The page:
The story concerns the memories of Grace, a former housemaid at Riverton and focusses on a period from 1914 when she arrives as a young girl to 1924 when a suicide at the house has severe repercussions and changes everything. We follow the fortunes of the family through the First World War, to the daughter, Hannah's marriage when Grace accompanies her as her lady's maid to her new life in London. Events and circumstances bring them back to the house in 1924 and the fateful day in question. Prompted into reminiscing by the arrival of a film director who is making a film of the 'romantic' tale of the tragic death of a young poet, the elderly Grace starts recording her story for her grandson, who has disappeared, mourning the loss of his wife. I'll resist the temptation to give too much away, though much of it felt a little predictable, the twist in the tale at the end was not totally convincing as I was not sure that people would necessarily have behaved the way they did.
(Some minor spoiling ahead) Ok, for a start it was far too long and waffly. I was bored much of the way waiting for something more momentous to happen. It is full of all these little devices and incidents that, looking back, are supposed to explain why certain things happened. By the shakespearian definition it is not a tragedy, merely tragic; the events are bought about by force of circumstance not a sympathetic but deeply flawed character. Grace is the only person we get to know, since it is her thoughts we hear and her decisions we understand. She is the product of her era, her class and her upbringing. After lying and covering for the children who are hiding from their tutor, and then sharing a secret with her she creates in her own head some romantic notion of a 'bond' between herself and Hannah, a feeling enhanced by her 'discovery' (how predictable was that) that she is her illegitimate half-sister. She sacrifices her own happiness after having promised enduring loyalty to this rather spoilt, self-centred young woman, who of course has no notion of her as anything other than a servant, and who plans to abandon her anyway. To be fair it is well researched and the period detailing is lovely. The social expectations on women of both upper and lower classes is highlighted by passing references to the burgeoning feminist ideas, though you can see that very little has changed in the 100 years since Jane Austen was writing Pride and Prejudice. There is education for upper class women but still they are expected to marry and then do nothing but take tea with each other. Working class women just do all the work (plus ca change ...). There was far too much description of upper class society and the servants all knowing their place and getting on with everything, all so very grateful for the opportunity. The political attitudes expressed by the men in the family, and even by the supposedly more progressive american family Hannah marries in to are very much of the period too. You really can see where socialism sprang from.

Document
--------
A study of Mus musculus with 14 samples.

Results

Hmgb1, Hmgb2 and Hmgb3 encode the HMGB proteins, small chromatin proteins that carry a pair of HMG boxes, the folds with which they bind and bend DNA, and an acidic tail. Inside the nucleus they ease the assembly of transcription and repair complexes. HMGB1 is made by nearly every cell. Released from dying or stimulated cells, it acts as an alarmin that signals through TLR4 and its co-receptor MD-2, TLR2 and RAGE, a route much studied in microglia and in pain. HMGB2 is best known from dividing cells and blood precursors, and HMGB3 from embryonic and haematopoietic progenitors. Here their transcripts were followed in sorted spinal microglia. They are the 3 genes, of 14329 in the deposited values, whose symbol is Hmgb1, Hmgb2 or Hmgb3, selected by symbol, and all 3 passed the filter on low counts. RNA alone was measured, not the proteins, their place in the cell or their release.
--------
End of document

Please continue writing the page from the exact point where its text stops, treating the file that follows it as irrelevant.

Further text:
I sometimes think I like books where I can identify strongly with a character, now this one had all that potential, Grace was just the kind of person I would go for, but she was such a doormat, far too self-sacrificing, so little real oomph, and the misplaced loyalty was just frustrating. On the other hand there was no-one in 'The body' to identify with but I just loved it, so there's a theory out the window. So, not a good sign when you are just glad to get to the end of a book.
Am still plodding through War and Peace. Laughing over it at breakfast this morning Dunk said he wasn't sure it was supposed to be funny; Prince Vassili got so bored waiting for Pierre to propose to Helene (his daughter) that he just walks in and pretends that he has and congratulates them and announces it to everyone, but mostly it has been dull upper class twits having parties too, but I am determined to stick it out.